Sometimes, It’s the Little Things

ACFEA arranges dozens of tours each year to far-off lands the world over, but every now and again an experience near to home can bring you close to bliss.

One such event that I’ll remember forever happened during the summer of 2010. We’d worked with the Boston Children’s Chorus on a couple of international tours, but this time around they had arranged their own travel to Washington DC over the Fourth of July and were looking for something interesting to do in Philadelphia. They called me and asked if I’d be willing to arrange a performance for them, and of course I agreed.

The summer before, I had read an article about a tradition that the US Citizenship and Immigration Services (USCIS) has had for many years. Each year, around Independence Day, the USCIS holds a handful of naturalization ceremonies in quintessential American places like Ellis Island, the National Mall and other national historic sites. Thousands of immigrants are naturalized every day in high school gyms, courthouse meeting rooms and hotel conference rooms, but around the holiday they choose a few of those citizenship candidates to be part of these special events.

After lots of calling, I found someone at USCIS who would hear me out: why not have a citizenship ceremony in front of Independence Hall in Philadelphia, with the Boston Children’s Chorus present to perform for them as they’re taking their oath? Being a very diverse organization, the BCC is a perfect example of our melting pot of a country. Furthermore, the BCC has many members who have either been through the process themselves or are the children of parents who have done it. They would be the perfect ambassadors. Fortunately, the USCIS agreed! They loved the idea and through their office and the National Parks Department we started putting this ceremony together.

Seeing the site on the day of the event was exciting. A stage had been erected in the park, directly in front of Independence Hall where our Declaration of Independence was signed 234 years earlier.

After the chorus arrived and did a brief run-through, the candidates for citizenship began arriving – some alone, others with family in tow. There were about 20 candidates from just as many countries. Several of them were wearing their active-duty US Army fatigues. The ceremony began with a welcome by Alejandro Mayorkas, the director of the USCIS, and ended with a recitation of the Oath of Allegiance that officially swore them in as the newest Americans.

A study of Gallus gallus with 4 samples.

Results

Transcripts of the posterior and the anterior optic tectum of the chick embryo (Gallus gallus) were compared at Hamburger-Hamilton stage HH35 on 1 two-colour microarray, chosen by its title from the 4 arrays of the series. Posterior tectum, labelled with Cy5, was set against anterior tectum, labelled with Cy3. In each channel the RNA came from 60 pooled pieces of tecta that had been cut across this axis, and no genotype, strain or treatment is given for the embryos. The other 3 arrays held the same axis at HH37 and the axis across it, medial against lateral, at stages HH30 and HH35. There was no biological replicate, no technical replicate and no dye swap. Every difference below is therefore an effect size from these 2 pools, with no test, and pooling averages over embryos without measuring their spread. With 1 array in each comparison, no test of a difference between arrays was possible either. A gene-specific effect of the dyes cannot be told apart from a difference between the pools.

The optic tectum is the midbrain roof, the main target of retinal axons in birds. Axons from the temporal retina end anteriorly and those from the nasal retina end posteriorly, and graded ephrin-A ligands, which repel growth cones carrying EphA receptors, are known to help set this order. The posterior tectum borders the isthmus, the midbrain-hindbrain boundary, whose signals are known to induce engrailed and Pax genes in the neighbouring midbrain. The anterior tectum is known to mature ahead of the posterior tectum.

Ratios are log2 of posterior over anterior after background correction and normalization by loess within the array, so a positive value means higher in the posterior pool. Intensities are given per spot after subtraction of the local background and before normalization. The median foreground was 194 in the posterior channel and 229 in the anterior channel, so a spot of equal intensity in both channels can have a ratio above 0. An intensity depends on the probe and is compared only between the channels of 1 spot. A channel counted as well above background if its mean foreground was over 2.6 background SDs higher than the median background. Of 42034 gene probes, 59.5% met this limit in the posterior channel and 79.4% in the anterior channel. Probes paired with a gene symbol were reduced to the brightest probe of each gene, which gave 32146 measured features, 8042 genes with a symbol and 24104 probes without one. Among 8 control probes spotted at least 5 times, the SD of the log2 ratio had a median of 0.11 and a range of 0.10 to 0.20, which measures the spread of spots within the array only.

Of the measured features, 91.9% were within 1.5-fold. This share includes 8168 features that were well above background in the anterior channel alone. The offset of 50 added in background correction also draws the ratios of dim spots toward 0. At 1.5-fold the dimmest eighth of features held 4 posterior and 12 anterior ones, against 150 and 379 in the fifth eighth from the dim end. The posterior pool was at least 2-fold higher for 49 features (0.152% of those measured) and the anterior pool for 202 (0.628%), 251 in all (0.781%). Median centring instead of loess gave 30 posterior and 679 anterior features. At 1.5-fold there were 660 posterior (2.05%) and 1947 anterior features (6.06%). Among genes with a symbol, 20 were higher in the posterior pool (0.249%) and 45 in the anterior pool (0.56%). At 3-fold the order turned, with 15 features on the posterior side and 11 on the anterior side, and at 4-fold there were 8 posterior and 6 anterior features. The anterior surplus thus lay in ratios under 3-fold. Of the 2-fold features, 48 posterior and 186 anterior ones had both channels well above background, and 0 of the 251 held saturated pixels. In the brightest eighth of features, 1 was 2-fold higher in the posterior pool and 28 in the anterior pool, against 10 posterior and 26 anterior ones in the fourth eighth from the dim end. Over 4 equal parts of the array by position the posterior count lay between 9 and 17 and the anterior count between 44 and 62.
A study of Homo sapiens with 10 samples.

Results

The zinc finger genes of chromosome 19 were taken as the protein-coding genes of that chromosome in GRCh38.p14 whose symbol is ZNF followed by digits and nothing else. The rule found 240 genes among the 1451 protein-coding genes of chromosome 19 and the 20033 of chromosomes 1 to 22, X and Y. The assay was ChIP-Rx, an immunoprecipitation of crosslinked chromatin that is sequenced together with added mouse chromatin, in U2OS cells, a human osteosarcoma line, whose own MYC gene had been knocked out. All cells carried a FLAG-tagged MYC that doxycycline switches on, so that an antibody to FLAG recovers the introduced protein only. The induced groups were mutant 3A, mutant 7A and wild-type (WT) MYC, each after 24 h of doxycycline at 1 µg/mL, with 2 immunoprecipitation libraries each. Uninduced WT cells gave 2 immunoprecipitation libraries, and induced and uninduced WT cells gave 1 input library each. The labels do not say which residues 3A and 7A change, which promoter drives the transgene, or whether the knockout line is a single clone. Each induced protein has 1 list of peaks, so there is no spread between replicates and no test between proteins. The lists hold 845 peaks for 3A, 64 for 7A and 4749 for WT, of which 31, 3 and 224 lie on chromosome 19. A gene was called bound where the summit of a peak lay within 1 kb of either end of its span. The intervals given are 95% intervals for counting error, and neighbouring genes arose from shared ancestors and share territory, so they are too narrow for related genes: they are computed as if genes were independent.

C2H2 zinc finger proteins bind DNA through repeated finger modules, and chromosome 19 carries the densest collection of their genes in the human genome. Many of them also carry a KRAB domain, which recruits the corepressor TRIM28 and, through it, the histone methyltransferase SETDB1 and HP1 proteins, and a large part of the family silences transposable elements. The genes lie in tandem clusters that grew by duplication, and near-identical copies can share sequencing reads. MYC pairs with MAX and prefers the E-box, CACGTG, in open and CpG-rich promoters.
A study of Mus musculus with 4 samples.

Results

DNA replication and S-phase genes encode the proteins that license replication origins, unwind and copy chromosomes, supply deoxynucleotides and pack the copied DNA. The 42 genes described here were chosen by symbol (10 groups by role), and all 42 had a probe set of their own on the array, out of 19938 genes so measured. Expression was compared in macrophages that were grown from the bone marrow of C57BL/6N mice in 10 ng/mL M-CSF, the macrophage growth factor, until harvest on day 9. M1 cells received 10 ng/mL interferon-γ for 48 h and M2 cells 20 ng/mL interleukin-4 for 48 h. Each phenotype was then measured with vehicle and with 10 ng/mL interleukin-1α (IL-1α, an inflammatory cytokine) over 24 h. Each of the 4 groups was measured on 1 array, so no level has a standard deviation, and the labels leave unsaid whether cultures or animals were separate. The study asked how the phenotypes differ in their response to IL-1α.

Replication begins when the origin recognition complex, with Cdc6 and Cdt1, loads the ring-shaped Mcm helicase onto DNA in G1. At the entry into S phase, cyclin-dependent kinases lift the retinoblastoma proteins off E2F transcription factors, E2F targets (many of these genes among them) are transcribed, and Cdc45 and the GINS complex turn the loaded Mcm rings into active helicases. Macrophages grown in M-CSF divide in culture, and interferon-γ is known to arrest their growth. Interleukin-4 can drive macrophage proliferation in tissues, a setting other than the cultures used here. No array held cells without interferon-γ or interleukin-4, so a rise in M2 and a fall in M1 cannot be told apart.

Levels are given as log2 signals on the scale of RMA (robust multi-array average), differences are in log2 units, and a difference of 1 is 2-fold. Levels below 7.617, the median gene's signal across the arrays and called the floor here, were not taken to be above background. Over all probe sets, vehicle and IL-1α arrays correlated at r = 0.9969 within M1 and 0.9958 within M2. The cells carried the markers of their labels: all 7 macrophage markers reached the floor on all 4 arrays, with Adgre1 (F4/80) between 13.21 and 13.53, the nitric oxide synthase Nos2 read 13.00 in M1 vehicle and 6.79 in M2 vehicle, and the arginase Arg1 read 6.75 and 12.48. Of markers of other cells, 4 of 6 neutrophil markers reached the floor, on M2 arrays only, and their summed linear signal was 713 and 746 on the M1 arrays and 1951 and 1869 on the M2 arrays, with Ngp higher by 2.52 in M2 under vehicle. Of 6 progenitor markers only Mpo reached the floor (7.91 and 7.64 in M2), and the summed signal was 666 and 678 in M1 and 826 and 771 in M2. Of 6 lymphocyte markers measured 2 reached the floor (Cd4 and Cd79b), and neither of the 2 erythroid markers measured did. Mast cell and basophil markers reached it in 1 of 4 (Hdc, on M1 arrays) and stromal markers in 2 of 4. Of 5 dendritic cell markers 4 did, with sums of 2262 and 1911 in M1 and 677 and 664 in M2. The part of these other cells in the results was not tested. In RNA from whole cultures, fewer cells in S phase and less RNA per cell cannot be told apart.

The choir didn’t know this at the time, but I had just begun the process of applying for a visa for my fiancé, Maurice, who is from Guinea, in West Africa. He was embarking on the same journey that those 20 people in front of me were just completing. Anyone who has been through this process will tell you that it’s not for the faint of heart. For the past several months I had been overwhelmed by paperwork and sometimes felt like giving up. But, sitting there on that warm summer day, in front of Independence Hall, a symbol of freedom and opportunity, I watched those 20 people become brand new American citizens. When the Boston Children’s Chorus began singing “America the Beautiful” I could no longer contain my tears. It was a well-needed encouraging reminder of what I was working toward, and something I will never forget.

After the ceremony, I met with Mr. Mayorkas, shook his hand and told him my story. He assured me that millions of people have paved the way for people like us, and that he was sure that, with a little patience, it would all work out.

This month, Maurice and I will celebrate our second wedding anniversary. With any luck, in five years time Maurice will be serenaded by a chorus as he becomes one of the newest Americans.